G7 commits to cuts in heavy industry emissions

24 May 2021 | Muriel Cozier

Initiative to tackle climate change and reduce greenhouse gas emissions is launched.

The US Department of Energy has announced the launch of a G7 Industrial Decarbonisation Agenda (IDA). The announcement was made by US Secretary of Energy, Jennifer Granholm, during the G7 Climate and Environment Ministerial, which met virtually on 20-21 May 2021.

The IDA is described as ‘an ambitious initiative to tackle climate change and reduce greenhouse gas emissions from heavy industry.’  Led jointly by the US and the UK G7 Presidency; it said that the IDA will ‘create a strong partnership among like-minded countries to reduce emissions in heavy industries such as steel, cement and chemicals.’  

Using the Climate and Environment Ministers’, May 2021 Communiqué the G7 Ministers’ said: ‘To accelerate the pace of industrial decarbonisation, we commit to launch the G7 Industrial Decarbonisation Agenda to complement and support the activities of existing key initiatives and amplify ambition, while plugging critical gaps in the landscape wherever they exist.’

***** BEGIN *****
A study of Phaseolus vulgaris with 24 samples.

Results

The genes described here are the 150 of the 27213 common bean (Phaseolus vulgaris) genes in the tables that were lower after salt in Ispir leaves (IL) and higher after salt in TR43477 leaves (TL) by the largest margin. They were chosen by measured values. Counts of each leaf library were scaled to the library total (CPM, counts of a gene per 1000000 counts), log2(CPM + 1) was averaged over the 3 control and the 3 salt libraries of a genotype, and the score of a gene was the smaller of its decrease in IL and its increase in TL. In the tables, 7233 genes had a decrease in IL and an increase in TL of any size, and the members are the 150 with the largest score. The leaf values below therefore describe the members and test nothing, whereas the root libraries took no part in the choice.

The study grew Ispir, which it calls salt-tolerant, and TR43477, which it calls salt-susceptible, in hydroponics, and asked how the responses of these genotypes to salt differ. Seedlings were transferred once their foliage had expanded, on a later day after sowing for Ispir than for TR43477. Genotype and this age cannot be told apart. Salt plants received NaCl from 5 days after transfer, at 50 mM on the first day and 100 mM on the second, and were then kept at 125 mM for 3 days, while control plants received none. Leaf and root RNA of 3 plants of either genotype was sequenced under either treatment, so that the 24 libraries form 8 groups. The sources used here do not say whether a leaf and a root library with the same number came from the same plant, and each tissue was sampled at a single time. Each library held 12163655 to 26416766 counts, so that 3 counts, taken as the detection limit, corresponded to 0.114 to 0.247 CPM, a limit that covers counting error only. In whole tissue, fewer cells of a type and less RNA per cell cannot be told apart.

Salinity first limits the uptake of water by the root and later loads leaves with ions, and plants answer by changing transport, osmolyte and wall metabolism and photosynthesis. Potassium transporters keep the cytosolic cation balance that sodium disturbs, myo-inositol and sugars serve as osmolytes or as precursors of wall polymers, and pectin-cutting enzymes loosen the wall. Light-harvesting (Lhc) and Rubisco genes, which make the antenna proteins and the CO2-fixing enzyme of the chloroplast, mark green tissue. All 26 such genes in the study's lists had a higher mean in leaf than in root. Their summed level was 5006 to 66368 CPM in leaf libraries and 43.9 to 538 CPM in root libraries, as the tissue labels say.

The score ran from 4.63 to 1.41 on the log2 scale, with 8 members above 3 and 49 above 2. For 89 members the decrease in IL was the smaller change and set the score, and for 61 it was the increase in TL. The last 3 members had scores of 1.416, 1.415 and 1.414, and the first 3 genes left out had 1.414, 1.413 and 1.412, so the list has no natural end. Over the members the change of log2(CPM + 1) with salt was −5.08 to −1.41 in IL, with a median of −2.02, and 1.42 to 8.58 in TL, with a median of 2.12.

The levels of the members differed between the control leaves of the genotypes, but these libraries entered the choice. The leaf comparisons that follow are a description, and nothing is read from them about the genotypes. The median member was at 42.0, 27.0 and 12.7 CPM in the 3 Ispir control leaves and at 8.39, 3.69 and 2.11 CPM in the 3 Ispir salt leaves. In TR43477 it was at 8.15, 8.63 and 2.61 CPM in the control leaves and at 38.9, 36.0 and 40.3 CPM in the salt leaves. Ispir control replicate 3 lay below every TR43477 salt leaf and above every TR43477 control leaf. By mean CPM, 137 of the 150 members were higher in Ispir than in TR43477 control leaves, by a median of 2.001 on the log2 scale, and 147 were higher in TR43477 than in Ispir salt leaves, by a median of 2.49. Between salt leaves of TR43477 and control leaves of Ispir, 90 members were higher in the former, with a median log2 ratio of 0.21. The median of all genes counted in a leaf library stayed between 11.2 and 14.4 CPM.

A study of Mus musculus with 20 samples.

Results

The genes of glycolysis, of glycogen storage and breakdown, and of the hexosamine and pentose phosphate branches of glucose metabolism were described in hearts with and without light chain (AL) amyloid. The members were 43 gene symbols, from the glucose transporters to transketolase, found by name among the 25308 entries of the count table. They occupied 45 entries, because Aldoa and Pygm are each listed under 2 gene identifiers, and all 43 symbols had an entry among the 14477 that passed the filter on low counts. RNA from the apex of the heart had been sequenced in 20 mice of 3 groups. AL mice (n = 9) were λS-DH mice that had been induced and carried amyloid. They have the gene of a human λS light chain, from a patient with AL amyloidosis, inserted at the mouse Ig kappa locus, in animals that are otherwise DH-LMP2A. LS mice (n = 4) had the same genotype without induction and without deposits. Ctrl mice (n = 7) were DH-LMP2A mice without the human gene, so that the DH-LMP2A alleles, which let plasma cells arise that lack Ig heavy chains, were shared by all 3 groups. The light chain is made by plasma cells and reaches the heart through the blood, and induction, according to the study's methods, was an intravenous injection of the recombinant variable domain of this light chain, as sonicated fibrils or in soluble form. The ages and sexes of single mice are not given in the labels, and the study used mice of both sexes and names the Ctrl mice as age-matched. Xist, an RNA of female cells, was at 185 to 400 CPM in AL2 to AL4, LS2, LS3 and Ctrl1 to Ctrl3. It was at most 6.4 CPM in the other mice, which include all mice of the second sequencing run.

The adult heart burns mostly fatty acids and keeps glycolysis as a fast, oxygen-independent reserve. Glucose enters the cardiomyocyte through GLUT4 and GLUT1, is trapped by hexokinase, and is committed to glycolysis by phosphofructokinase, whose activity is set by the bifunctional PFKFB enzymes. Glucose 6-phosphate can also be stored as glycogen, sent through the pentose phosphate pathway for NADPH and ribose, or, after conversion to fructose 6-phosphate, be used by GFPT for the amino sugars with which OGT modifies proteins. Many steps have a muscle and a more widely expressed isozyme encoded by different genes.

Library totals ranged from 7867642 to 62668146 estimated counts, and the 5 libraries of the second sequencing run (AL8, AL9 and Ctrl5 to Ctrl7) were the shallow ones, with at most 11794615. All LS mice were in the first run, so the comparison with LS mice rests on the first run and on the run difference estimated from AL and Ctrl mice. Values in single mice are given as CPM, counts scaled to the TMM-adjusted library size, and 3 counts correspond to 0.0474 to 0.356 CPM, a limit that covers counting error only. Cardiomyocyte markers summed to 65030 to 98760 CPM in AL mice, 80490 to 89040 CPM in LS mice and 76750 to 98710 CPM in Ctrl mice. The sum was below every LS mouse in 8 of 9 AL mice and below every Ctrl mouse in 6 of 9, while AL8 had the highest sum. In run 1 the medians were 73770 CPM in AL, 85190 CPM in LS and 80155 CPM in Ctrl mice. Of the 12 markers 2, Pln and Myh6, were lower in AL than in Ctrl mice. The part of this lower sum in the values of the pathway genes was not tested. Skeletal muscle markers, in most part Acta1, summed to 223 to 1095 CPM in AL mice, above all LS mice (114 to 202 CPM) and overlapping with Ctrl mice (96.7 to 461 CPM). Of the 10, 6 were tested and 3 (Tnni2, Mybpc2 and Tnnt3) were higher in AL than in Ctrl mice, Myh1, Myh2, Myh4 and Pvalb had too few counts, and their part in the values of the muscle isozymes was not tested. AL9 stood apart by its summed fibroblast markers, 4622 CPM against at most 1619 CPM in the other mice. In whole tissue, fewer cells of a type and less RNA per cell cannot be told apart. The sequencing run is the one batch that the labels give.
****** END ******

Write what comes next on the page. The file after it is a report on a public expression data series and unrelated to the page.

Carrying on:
Endorsing carbon capture technologies and alternative fuels, the Communiqué added ‘We recognise the importance of early action to decarbonise hard-to-abate industrial sectors such as iron and steel, cement, chemicals and petrochemicals, to ensure that emissions across the entire economy reach net-zero by 2050. For these hard-to-abate sectors to achieve this, we commit to targeting greater levels of innovation funding to lower the costs of industrial decarbonisation technologies, including the use of hydrogen, electrification, sustainable biomass, CCUS and synthetic fuels…’

Other commitments made by the G7 Ministers in the Communiqué included continuing efforts to address the global pandemic stating: ‘We acknowledge with grave concern that the unprecedented and interdependent crises of climate change and biodiversity loss pose an existential threat to nature, people, prosperity and security.’ Preventing and combating antimicrobial resistance using a One Health approach, along with ‘resetting our relationship with nature’ as well as ‘mobilising and aligning finance to support the green recovery.’